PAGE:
How to Get Out of Your Anxious Mind

Cultivating calm through disciplined practice.

Taylor Leopold/unsplash.com
Source: Taylor Leopold/unsplash.com

You want to feel calm, confident, and in control of your life. Every morning you wake up and vow to find time to meditate, to practice deep-breathing and to let the small stuff roll off your stressed-out shoulders. Great goals, indeed.

The problem is you’re not taking action as much as you're thinking about taking action. You can blame your anxious constitution in part, as your mind can drive you to distraction. One minute you’re feeling calm, the next you’re convinced you left the stove on before rushing out the door for work.

The good news is you can manage your anxiety so it does not manage you. As a psychotherapist who specializes in anxiety, I can tell you the keys are consistency and intentional effort.

Practicing mindfulness-based exercises and asserting proper boundaries with troublesome coworkers are great actions, but even better for when they become habits.

In addition to lifestyle imperatives like getting adequate sleep, reducing caffeine, and exercising for at least 30 minutes per day, the following tips can help you make the most of your active mind:

1. Settle your central nervous system. In short, breathe. Research has shown that certain breathing techniques can have immediate effects by altering the pH of the blood, or changing blood pressure. Additionally, exercises like abdominal breathing can help train the body's reaction to stressful situations and reduce the production of harmful stress hormones.

  • Sit comfortably and raise your ribcage to expand your chest. Place one hand on your chest and the other on your abdomen. Notice your upper chest and abdomen move while you breath.
  • Concentrate on your breath and try to breathe in and out gently through the nose. Your upper chest and stomach should be still, allowing the diaphragm to work with your abdomen and less with your chest.
  • With each breath, allow any tension to slip away. Once you are breathing slowly with your abdomen, sit quietly and enjoy the sensation of physical relaxation.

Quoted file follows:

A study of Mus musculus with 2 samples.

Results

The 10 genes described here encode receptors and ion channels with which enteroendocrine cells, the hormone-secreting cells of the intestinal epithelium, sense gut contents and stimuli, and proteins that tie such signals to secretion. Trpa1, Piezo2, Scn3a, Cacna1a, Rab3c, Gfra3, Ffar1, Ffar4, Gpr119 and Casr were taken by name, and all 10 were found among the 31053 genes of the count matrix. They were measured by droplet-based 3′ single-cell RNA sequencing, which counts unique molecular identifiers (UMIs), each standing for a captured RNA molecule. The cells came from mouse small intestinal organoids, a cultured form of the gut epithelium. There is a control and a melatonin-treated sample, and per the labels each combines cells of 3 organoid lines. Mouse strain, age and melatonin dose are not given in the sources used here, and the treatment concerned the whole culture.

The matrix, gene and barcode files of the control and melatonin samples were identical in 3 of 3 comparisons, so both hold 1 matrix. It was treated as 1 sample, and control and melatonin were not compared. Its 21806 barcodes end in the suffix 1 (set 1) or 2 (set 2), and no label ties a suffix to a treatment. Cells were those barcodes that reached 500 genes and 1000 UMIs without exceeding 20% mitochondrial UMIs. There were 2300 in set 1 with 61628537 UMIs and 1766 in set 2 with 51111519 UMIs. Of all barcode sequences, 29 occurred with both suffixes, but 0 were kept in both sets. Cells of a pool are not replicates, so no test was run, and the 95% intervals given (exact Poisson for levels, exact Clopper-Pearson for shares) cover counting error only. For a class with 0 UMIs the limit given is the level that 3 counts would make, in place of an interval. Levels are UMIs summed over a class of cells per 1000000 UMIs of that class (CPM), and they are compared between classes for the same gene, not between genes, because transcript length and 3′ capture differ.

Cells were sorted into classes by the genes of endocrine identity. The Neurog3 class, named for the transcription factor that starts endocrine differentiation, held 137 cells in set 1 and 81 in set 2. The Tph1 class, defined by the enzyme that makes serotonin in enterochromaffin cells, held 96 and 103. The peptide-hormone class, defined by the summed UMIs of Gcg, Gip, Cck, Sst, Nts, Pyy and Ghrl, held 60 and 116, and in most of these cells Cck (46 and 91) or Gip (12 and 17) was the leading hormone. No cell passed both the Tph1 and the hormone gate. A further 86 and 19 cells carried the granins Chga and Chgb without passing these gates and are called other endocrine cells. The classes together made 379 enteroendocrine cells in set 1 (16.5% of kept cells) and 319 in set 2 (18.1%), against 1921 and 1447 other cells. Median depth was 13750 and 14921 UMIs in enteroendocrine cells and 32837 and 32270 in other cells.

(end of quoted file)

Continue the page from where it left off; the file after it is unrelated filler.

2. Befriend a flexible mindset. One of the worst anxiety culprits is an inflexible, concrete, and rigid mindset. Look for exceptions where you typically see things as all-black or all-white. Watch for polarizing words such as always, and never. Is you best friend always late for dinner, or on most occasions? Has your child ever cleaned his room? Are you certain you’ve tried everything to curb your anxiety?

3. Catch your catastrophic thoughts before they spiral out of control. Catastrophizing is a negative cognitive-emotional process which includes magnification of the problem at hand, helplessness and rumination. Studies show that cognitive-behavioral therapy (CBT) is quite effective at teaching new ways of thinking and behaving in situations which create anxiety.

CBT is based on the premise that anxiety problems involve maladaptive patterns of thinking and behaving. Thinking patterns include overestimating the probability and severity of negative outcomes. Behavioral patterns in anxiety include avoidance, compulsive rituals and rapid, shallow breathing. This CBT article offers an in-depth guide to help you recover from the negative behaviors which maintain your fears.


4. Resist the urge to over-explain yourself. Anxious people have a complicated relationship with oral language. Too few words and you risk being labeled as socially phobic, while too much talking can lead to “emotional vomiting.” The reality is you don’t need to offer as many details as you think about your job interview, your relationship, or why you bailed on CrossFit yesterday. Time is money. And mental energy is finite. When you over-explain, you squander precious emotional and mental properties (and waste other people's, too). Talking too much is a boundaries issue. This article offers solid tips to trim the fat from your vernacular.

5. Visualize your life as a calmer person. Visualization is a common practice among professional athletes aiming to optimize peak performance come game day. Whether your endeavor involves sweat or not, preparation goes a long way toward facing certain situations and people who typically activate your stress levels. In order to properly visualize the way your day or your event will play out, focus on constructing a complete mental picture, including your five senses.

By envisioning specific emotions, sights, and sounds, you're more apt to remain calm and collected, and execute your plan even in a chaotic setting. Speaking of, when you visualize what could possibly go wrong, you’re better able to problem-solve if and when glitches occur.


Getting on the right side of calm will not happen overnight. And on some days you will slip into old, familiar ways of thinking, feeling and doing. That’s okay. When you falter, repeat the steps above to reinforce that you can cultivate a calmer way of life.

Say goodbye to your former stressed-out self and take your first step toward positive change today. Because when it comes to your mental health game, it’s not what you know, but what you do.